The Toledo Repertoire Theatre, founded in 1933 and the longest-operating community theater in the city, opens its 85th season Friday with Bonnie & Clyde, a Broadway musical about Depression-era history-makers of an entirely different sort.
“It was at the height of Bonnie and Clyde's fame, from 1933-1934, that up north in Toledo, Ohio, a new theater company known as the Toledo Repertoire Company was working its way through its very first season. Eighty-five years later, the Toledo Rep is still going strong,” Christopher McAnall, the Rep’s president, said in press materials.
The gangster couple Bonnie Parker and Clyde Barrow, notorious bank robbers and killers in the early 1930s, became cult figures in 1967 with Bonnie and Clyde, a violent Oscar-winning film starring Warren Beatty and Faye Dunaway.
But Bonnie & Clyde the musical, nominated for a 2012 Tony Award for Best Score and five Drama Desk Awards, including Best New Musical, focuses more on the gangsters’ relationship than on the deeds they had done, telling the human side of the story, said Macaela Carder Whitaker, the Rep’s director.
Bonnie & Clyde features a variety of musical styles, ranging from rockabilly and rock to jazz, country, gospel, and some ragtime. The music is by Frank Wildhorn, with lyrics by Don Black. The book is by Ivan Manchell.
The Rep’s cast includes Kurt Elfering as Clyde Barrow, Erica Harmon as Bonnie Parker, Jonathon Masters as Buck Barrow, and Elizabeth Cottle as Blanche Barrow.
Performances of Bonnie & Clyde are at 8 p.m. Friday and Saturday at the Rep, 16 10th St. Additional performances are at 8 p.m. Sept. 15-16 and 2:30 p.m. Sept. 17, and 8 p.m. Sept. 21-23 and 2:30 p.m. Sept. 24. Tickets, ranging from $25 to $12, are available from toledorep.org or 419-243-9277.
Bonnie and Clyde is opening what is “probably the Rep’s most ambitious season ever,” artistic director Dave DeChristopher said. “We’re continuing to do everything we’ve done and adding a little more. There is more diversity in our classes than we’ve ever had. And I think we’re making a more conscious effort to get young people involved, giving more opportunities to young people, both [in] working on shows, and having more Mainstage productions with children and teens in them, but also in doing more programming that would appeal to young people.”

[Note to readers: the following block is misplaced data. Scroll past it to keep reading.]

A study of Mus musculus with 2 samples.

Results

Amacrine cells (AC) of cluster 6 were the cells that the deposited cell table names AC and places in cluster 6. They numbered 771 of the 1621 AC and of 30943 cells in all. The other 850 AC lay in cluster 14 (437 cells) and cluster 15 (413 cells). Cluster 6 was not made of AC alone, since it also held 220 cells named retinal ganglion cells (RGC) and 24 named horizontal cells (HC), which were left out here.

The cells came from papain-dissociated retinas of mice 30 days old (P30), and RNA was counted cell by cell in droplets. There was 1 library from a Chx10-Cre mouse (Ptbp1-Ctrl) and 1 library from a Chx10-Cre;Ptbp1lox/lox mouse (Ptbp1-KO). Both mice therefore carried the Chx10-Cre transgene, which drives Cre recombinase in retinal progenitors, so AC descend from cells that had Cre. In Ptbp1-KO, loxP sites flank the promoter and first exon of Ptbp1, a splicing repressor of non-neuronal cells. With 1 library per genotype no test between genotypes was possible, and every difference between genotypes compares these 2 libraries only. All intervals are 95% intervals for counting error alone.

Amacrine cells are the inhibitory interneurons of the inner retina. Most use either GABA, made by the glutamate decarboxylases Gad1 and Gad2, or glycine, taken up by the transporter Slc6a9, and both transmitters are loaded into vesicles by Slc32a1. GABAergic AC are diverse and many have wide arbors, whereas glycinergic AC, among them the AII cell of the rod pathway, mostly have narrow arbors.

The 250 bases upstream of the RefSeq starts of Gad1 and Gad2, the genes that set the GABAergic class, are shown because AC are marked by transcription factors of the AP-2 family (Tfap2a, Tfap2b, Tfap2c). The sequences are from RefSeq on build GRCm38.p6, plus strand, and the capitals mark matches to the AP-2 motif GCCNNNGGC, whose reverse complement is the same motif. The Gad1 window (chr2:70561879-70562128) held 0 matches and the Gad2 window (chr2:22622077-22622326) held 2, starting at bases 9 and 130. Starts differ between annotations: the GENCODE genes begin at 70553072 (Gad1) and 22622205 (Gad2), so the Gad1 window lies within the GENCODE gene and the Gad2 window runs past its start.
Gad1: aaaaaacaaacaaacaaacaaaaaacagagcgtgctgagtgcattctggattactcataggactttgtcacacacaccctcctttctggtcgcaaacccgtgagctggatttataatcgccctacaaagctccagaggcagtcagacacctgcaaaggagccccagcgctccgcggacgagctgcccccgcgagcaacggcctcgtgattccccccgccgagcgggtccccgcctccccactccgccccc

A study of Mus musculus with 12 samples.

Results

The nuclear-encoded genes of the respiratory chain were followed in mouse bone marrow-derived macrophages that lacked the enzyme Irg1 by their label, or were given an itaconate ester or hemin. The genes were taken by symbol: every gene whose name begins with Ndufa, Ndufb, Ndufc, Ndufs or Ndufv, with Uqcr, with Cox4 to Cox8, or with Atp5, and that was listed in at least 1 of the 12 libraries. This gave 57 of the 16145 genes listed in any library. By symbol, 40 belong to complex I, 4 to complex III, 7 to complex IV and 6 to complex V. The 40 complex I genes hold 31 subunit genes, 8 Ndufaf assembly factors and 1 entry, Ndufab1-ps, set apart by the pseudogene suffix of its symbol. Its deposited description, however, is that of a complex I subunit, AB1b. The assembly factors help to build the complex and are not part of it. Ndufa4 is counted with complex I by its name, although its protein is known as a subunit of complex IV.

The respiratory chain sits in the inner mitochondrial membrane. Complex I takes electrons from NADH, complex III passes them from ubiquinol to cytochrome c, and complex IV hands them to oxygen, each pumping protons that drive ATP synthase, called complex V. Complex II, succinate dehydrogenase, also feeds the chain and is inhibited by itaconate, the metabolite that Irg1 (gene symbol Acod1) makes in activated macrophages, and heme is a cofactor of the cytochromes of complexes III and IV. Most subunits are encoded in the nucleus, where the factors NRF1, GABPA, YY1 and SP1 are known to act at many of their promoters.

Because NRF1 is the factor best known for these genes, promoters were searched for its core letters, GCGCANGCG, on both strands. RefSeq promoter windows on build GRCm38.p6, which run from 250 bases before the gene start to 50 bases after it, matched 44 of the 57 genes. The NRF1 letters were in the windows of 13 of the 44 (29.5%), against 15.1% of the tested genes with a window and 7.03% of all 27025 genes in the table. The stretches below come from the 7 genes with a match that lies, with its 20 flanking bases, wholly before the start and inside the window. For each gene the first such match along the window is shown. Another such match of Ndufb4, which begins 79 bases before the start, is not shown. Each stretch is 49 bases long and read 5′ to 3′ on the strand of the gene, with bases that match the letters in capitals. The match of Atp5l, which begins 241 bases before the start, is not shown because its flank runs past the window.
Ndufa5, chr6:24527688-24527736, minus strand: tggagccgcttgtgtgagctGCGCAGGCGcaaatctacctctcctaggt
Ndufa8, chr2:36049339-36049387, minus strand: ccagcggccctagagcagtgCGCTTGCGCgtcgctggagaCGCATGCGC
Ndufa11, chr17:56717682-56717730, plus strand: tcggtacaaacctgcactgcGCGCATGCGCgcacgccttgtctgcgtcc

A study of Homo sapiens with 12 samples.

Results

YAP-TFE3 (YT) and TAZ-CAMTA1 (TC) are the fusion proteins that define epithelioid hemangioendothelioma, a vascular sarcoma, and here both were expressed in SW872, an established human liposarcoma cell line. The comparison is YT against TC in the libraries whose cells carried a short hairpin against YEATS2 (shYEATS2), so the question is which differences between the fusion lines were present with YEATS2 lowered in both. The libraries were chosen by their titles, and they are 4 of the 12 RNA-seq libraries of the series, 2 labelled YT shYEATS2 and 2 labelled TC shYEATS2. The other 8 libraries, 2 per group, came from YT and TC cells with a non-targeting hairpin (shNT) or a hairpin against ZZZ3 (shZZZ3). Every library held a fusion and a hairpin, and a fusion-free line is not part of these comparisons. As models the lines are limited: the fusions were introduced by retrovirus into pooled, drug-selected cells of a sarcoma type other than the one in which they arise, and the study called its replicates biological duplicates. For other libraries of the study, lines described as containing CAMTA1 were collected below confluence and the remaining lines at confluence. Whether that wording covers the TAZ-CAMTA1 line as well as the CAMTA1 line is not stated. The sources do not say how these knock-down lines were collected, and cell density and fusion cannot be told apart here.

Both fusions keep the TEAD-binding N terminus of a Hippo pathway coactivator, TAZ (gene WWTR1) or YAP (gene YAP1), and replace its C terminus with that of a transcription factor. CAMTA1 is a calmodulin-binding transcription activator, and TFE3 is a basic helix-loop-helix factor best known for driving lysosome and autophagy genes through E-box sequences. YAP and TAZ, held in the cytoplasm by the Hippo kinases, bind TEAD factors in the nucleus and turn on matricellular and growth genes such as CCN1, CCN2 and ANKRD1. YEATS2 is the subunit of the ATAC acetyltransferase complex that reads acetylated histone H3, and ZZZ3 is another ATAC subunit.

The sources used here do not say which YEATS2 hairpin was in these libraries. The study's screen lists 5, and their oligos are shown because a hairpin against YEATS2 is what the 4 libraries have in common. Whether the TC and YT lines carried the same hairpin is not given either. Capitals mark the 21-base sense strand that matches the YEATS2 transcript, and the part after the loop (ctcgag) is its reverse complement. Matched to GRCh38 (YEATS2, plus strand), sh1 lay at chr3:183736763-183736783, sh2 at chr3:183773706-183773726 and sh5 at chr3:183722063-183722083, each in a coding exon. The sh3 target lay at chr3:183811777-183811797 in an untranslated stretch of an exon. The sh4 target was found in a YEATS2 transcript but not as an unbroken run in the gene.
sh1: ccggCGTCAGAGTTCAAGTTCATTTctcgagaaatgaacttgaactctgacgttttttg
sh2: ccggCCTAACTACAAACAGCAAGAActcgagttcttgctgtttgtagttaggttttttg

The 2017-2018 season brings more attention to the work of area playwrights.
A world premiere production of Human Error, by local playwright Eric Pfeffinger, is a Rep special event with four shows Nov. 17-19. Pfeffinger received a 2016 Ohio Arts Council Award for Individual Excellence for the play with heart and humor in telling the story of two couples brought together by a medical mix-up.
And the Rep plans to continue its Toledo Voices series, which debuted in February. It featured previously unproduced works by local playwrights presented in staged readings on the 10th Street Stage.
Mainstage shows include the classic musical hit Sweet Charity, which premiered on Broadway in 1966, with a book by Neil Simon, music by Cy Coleman, and lyrics by Dorothy Fields. It will be presented June 1-2, June 8-10, and June 14-17. And the Rep’s holiday tradition, A Christmas Carol, will be staged Dec. 1-3, the theater’s 33rd consecutive annual production of the show.
Mainstage shows also include It Came From Mars, by Michigan playwright Joe Zettelmaier, about a radio show, Farlowe’s Mystery Theatre Hour. One day, rehearsal is interrupted by a frightening announcement — Martians have landed! Slapstick, romance, and mayhem take over. Zettelmaier’s work has won the 2009 Edgerton Foundation New American Play Award and was nominated for the Steinberg/American Theatre Critics Association Award in 2011. The show will be presented Oct. 13-14, Oct. 20-22, and Oct. 26-29.
Coming in the new year is Ripcord, by Pulitzer Prize-winning author David Lindsay-Abaire. His comedy is set in a senior living center that houses an unlikely pair of roommates will be presented Jan. 12-13, Jan 19-21, and Jan. 25-28. And Photography 51 by Anna Ziegler, a portrait of the great British scientist Rosalind Franklin, who played a role in the discovery of the structure of DNA, also arrives at the Rep in 2018, with shows March 9-10, March 16-18, and March 22-25.
The Rainbow Play Series will debut in April, presenting staged readings of classic gay plays. The new series opens April 6-7 with The Normal Heart, by Larry Kramer, set during the rise of the HIV/AIDS crisis in New York in the early 1980s. It is based on the playwright’s experiences in founding the Gay Men’s Health Crisis advocacy and service organization. The play premiered off-Broadway in 1983 and won the 2011 Tony Award for best revival of a play.
The new series also will feature The Children’s Hour by Lillian Hellman, presented April 13-14. The 1934 play is about two friends, Karen and Martha, who run a girls’ boarding school, until rumors started by a student destroy them.
The season closes with performances April 20-21 of The Most Fabulous Story Ever Told, by Paul Rudnick, a comedy harpooning political correctness and religious hypocrisy.
The Young Rep Series will include Pirates! (ages 7-12), presented May 4-6, and Schoolhouse Rock Live! (ages 7-12) Aug. 2-5. Dates for The Teen Musical (ages 13-18), are yet to be announced.
Contact Sue Brickey at: email@example.com.